Dr. Scott Wolfe of Hospital for Special Surgery.
Dr. Scott Wolfe of Hospital for Special Surgery. Photo Credit: Hospital for Special Surgery

STAMFORD, Conn. -- Following a wrist fracture, regaining functional use of the hand, wrist and upper extremity are of the utmost importance. In order to fast track the recovery process, there are several tips that can have your wrist flexing in no time.

Like any injury, elevating the hand can decrease swelling and should be maintained day and night. Patients should never keep their hand down by their side for a prolonged period of time; rather should keep it above heart level and let gravity do the work. A pillow to support in the lap when seated or when sleeping will ensure circulation reaches the recovering area. Patients can also use a sling for elevation when mobile, but be mindful that too much sling use can cause elbow and shoulder stiffness.

Beginning to mobilize fingers as soon as possible helps avoid stiffness. Along with icing the wrist, these two tactics can can help relieve pain and inflammation. The therapist will provide advice specific to the injury, but the general rule is to apply ice or cold gel packs three to five times a day for ten minutes at a time.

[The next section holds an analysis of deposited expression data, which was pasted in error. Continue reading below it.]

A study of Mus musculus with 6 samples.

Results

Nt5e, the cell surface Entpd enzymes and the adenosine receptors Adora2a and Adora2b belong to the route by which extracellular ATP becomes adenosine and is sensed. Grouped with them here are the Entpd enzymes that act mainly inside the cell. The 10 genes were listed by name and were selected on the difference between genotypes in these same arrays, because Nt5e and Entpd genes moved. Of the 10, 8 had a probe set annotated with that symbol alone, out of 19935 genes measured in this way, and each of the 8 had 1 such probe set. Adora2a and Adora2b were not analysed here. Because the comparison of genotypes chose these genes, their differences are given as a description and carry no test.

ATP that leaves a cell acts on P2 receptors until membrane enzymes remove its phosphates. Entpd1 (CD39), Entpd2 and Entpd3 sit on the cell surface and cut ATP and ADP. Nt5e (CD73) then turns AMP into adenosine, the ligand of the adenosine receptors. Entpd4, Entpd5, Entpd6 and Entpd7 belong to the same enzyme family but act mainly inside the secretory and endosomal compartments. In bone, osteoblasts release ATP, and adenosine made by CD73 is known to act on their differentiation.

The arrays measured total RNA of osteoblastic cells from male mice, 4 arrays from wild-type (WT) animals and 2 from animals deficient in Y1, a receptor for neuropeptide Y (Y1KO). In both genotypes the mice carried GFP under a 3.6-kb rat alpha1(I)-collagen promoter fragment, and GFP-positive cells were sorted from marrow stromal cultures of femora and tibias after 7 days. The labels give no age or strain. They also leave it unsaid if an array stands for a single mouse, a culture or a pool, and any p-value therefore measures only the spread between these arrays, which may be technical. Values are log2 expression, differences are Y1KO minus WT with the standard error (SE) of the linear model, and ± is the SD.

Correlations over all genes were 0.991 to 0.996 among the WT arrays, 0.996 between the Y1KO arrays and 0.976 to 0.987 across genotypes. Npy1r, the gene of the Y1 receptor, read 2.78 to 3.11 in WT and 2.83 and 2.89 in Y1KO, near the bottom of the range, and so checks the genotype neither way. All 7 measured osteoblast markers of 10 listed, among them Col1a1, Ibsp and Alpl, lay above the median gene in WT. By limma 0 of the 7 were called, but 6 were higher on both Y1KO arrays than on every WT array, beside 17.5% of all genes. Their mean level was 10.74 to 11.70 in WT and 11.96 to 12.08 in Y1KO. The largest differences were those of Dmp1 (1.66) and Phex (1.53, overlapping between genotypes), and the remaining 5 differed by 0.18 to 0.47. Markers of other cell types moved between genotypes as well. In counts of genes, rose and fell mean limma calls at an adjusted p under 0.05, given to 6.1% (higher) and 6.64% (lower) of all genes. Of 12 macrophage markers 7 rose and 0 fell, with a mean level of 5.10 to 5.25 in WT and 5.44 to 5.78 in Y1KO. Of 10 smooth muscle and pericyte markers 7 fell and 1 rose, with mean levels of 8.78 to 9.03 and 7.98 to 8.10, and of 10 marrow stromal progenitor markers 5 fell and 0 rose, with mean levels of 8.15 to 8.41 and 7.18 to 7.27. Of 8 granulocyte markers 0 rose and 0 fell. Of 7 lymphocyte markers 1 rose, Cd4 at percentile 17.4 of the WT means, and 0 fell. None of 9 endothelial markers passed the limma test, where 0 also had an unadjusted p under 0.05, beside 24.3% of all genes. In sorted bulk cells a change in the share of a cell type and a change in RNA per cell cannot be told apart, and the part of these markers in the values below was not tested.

Attending physical therapy with a Certified Hand Therapist is also important when shortening recovery times. CHTs are physical or occupational therapists with a specialized certification, making them ideal for hand injuries. Patients should follow the therapist's and the surgeon’s recommendations for full activity. Be a patient patient and don’t rush it, and you’ll be back to full activity sooner than you think

Dr. Scott Wolfe is an orthopedic surgeon at Hospital for Special Surgery, specializing in orthopedic upper extremity care. He practices at both the HSS Outpatient Center in Stamford and the hospital’s main campus in New York.